Today we separate the two most common ways of managing pollination services in crops. One is the use of managed bees, such as honey bees (Apis spp.) and bumble bees (Bombus spp.), usually by saturation of the crop area. The other is through the conservation, management, and even addition, of flower resources and semi-natural vegetation surrounding the crop, to benefit pollinating wild insects and their habitats. Here we argue that we need to integrate these two managements to improve both pollination services and conservation of wild bees.
Over the past century, the agriculture intensification has caused widespread environmental changes and disturbances in ecosystem services, including crop pollination by wild insects. Particularly, the bee population is declining worldwide, leading to concern about on their critical role in human-dependant crop pollination service. Bees visit more than 90% of the leading global crop types, and improve the yield of approximately 75 % of them, including most fruits, seeds and nuts and several high-value commodity crops such as coffee, cocoa, and oilseed rape. This pollination service is estimated at several hundred billion euros per year, and an estimated 5-8% of global crop production would be lost without pollination services. This pollination service can be provided by both wild bees, such as solitary bees, and managed bees, such as honey bees.
Two main strategies have been proposed to counteract the decrease in crop pollination: (1) the management of pollinator species, which is the most traditional approach, and (2) the management of pollinator habitats. Surprisingly, among the practices reviewed in this study, none were designed to improve the interaction between species and habitat management. However, a clear interaction between both approaches seems to exist. For instance, managed pollinator species can affect the surrounding landscape (risk of biological invasion and competition with wild pollinators), and habitat management can provide supplemental wild and diversified pollinators to crops.
The benefit of integrating these two management approaches is that it is then easier to account for the benefits and costs of both approaches. This is lacking in the current system, where either only one management type is considered or the two is not thought to affect each other. For example, the costs of having large populations of honey bees in an area can be competition and spread of diseases to wild pollinators. This can more easy be managed if the two approaches where to be integrated. Moreover, a high pollinator abundance and diversity can benefit crop yield but contribute to benefits beyond crop pollination, for example, pollination services to the surrounding landscape which can be important for wild flowers and berries.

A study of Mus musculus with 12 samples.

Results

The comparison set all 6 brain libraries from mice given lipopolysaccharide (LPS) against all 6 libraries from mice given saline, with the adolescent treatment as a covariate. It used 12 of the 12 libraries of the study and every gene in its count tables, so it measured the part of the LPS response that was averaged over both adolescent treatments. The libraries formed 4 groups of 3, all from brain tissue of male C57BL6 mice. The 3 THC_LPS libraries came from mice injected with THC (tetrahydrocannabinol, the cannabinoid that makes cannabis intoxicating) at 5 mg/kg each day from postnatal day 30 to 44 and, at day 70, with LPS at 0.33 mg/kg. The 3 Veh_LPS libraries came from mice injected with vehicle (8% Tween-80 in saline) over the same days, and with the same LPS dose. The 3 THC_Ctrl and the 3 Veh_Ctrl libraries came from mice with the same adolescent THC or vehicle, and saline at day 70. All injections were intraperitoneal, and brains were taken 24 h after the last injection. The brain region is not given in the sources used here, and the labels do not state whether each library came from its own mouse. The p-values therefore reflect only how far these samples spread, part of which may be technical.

Therefore, we propose a system-based management of crop pollination that considers synergies and trade-offs between species and habitat management and should integrate costs and benefits from the promotion of biotic pollination to crop production. This systemic concept supports the idea of managed pollinators at low density to be complemented by wild species.
One problem to be solved is that while the individual manager experiences the costs, the benefits may be distributed beyond the farm to neighbours who did not change their practices. This makes it necessary to take more of a landscape approach for managing pollination services and their costs and benefits to the farmer and society as a whole. Furthermore, perhaps we should integrate the benefits to the larger society in the compensation to farmers for their pollination management.
These findings are described in the article entitled Towards an integrated species and habitat management of crop pollination, recently published in the journal Current Opinion in Insect Science. This work was conducted by Lucas A Garibaldi, Fabrice Requier, Orianne Rollin, and Georg KS Andersson from the Universidad Nacional de Río Negro and the Consejo Nacional de Investigaciones Científicas y Técnicas.